The population of Hispanics/Latinos in the United States is expected to grow by approximately 40% by 2045, although only approximately 14.4% have bachelor’s degrees or higher and 7% are employed in science, technology, engineering and mathematics industries.
Since 1990, STEM employment in the United States has grown 79% (9.7 million to 17.3 million), whereas computer technology-based jobs have seen a very significant 338% increase over the same period.
Presently at Sandia, Hispanics and other minorities make up a significant 34% of the overall workforce. That number is expected to increase, thus promoting diversity at our sites.
Inspired by parents and mentors
As a second-generation Hispanic growing up on a rural New Mexico farm, I was inspired by my parents and mentors to seek a college education. They understood the importance of education and the positive impact this would have on our culture and future agriculture in the community. Studies from the Pew Foundation have shown that second-generation Hispanics have higher attainment of college degrees by 36% versus 29% for their first-generation parents, due in part to increased encouragement from their parents and access to educational resources throughout their entire education.
During my upbringing, I became acutely aware of the challenges and hardships that my relatives, friends and migrant workers (with whom I worked while at the University of California, Berkeley, conducting SEGURO research in California’s Central Valley) had to face when trying to attain the American dream here in the United States. As a result, I realized that education was the only way forward to a better and more successful career. My focus became clear: I needed an education to help inspire and mentor other Hispanic students as my parents did for me.
When I received my doctorate in mechanical engineering from the University of California, Berkeley, I was elated. However, at the same time, I was disappointed by the very low percentage of science and engineering doctorates that were awarded to Hispanics and other minorities from the top 10 universities that year. This elucidation encouraged me, at the end of my UC Berkeley program, to make changes that were direly needed to promote diversity. I began facilitating STEM outreach programs to students in middle and high schools with high minority enrollment. This experience had positive outcomes, enabling me to bring these educational programs to New Mexico when I started my tenure at Sandia.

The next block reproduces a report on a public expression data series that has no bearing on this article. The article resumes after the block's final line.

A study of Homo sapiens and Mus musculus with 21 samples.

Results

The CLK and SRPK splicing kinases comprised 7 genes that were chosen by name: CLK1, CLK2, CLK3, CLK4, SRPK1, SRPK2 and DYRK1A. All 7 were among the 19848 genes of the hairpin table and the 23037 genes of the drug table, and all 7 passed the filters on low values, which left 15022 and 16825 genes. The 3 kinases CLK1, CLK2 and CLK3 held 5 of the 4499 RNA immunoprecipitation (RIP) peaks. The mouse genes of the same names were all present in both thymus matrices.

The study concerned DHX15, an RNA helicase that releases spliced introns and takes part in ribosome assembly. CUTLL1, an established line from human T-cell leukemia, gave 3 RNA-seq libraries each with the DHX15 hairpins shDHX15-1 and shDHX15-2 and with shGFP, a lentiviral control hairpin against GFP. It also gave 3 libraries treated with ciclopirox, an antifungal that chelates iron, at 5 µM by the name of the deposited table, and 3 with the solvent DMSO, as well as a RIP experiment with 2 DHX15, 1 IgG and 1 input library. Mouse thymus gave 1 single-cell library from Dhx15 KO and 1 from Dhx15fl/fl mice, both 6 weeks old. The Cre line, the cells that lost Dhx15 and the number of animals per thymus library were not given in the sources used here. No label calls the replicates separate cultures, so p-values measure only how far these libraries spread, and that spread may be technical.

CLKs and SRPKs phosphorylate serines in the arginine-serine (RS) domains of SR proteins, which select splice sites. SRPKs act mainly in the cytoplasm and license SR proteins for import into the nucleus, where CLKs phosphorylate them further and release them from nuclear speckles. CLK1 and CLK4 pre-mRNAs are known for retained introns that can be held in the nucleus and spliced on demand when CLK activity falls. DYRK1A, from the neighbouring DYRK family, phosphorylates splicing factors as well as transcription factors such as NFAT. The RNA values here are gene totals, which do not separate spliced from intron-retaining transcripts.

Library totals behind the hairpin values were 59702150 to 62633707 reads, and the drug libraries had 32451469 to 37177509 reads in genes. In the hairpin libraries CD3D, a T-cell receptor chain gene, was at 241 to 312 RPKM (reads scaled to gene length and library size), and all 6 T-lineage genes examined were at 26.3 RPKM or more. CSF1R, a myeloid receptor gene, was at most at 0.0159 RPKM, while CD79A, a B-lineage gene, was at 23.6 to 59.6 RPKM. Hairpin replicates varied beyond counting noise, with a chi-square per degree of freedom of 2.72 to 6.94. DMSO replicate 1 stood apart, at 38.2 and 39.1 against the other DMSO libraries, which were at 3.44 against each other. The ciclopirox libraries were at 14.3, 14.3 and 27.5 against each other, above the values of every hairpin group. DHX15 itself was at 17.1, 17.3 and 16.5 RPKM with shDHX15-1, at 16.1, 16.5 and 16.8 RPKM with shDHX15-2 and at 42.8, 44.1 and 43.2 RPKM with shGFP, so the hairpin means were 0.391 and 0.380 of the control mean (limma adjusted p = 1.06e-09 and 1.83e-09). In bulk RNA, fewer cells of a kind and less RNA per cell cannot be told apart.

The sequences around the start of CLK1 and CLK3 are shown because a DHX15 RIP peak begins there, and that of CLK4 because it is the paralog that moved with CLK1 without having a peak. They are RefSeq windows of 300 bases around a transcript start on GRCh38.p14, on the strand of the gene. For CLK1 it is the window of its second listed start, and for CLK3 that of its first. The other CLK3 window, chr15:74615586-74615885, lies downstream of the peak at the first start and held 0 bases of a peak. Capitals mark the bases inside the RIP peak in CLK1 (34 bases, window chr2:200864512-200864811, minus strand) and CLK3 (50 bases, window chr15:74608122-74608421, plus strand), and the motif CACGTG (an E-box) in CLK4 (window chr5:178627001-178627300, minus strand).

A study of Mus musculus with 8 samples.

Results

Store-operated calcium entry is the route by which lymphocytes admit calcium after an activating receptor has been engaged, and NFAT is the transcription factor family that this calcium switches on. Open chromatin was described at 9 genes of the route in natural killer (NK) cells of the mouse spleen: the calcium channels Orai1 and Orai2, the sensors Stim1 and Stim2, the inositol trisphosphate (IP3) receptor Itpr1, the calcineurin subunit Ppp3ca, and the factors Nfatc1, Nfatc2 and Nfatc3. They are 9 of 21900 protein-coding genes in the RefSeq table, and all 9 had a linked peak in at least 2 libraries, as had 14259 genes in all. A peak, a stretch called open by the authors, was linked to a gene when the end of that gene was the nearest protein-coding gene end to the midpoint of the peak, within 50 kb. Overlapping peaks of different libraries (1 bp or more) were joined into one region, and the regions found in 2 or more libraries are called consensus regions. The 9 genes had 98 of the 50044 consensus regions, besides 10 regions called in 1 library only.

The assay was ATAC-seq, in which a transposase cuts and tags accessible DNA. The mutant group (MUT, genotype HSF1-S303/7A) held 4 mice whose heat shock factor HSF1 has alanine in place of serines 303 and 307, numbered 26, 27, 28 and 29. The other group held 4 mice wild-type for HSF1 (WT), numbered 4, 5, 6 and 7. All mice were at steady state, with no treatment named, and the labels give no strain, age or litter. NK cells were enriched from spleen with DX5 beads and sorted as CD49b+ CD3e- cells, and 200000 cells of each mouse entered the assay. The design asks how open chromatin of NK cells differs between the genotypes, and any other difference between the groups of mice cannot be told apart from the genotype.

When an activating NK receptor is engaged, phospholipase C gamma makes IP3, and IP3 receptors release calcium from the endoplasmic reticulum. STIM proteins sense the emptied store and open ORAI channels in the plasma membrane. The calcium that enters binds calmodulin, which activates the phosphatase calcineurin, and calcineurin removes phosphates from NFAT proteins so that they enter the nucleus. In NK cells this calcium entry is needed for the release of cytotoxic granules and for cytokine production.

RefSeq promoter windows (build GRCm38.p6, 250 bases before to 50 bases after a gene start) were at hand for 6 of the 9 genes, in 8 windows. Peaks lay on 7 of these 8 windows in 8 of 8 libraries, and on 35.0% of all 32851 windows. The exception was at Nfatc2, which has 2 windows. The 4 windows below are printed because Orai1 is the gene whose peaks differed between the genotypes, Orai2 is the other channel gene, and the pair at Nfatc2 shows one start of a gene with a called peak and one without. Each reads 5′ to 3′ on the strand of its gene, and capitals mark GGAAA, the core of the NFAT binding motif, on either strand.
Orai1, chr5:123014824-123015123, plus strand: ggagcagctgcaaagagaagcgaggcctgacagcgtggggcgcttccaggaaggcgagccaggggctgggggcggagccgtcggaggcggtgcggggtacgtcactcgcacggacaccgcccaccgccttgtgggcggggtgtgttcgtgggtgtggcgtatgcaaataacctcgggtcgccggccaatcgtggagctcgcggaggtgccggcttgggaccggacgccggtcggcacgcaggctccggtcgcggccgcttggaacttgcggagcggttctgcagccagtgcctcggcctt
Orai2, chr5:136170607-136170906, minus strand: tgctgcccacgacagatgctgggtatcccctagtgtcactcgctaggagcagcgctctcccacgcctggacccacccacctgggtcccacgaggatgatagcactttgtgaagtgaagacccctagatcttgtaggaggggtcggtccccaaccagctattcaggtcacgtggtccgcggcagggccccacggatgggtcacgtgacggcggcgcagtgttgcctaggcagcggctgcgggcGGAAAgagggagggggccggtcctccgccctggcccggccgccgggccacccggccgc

Commitment to ‘Noche de Ciencias’
My colleagues and I at Sandia and other institutions (Intel, General Mills and the University of New Mexico) have created “Noche de Ciencias” (Science Nights) events for K-12th-grade students and their parents, to teach them about the value of getting an education, particularly a college degree in a STEM field. Many of these events have also brought together middle and high school students to interact with Hispanic engineering college students from UNM, Central New Mexico Community College and the New Mexico Institute of Mining and Technology, stimulating pipeline learning and inspiration. These events provide students with activities to encourage and excite their interest in STEM. At the same time, we conduct bilingual workshops for parents, emphasizing the value of college education for their children and how to receive financial assistance so that they can graduate with college STEM or vocational degrees.
Sandia for years has promoted diversity and STEM outreach. The resources provided by Sandia’s community involvement program have truly made a remarkable impact, ensuring that all populations, including Hispanics, women and other minorities from pre-K to doctorate, will receive the same opportunities in obtaining STEM degrees here in New Mexico.
Our consortium of industry and academic partners, led by Sandia, has also facilitated other STEM programs, giving students more opportunities than their families previously had. The group also sponsors activities that connect the sciences to students’ Hispanic heritage in unique ways.
Overall, it is vitally important that these efforts continue. They not only help to enrich our cultural heritage, but they also enhance the quality of our scientific community.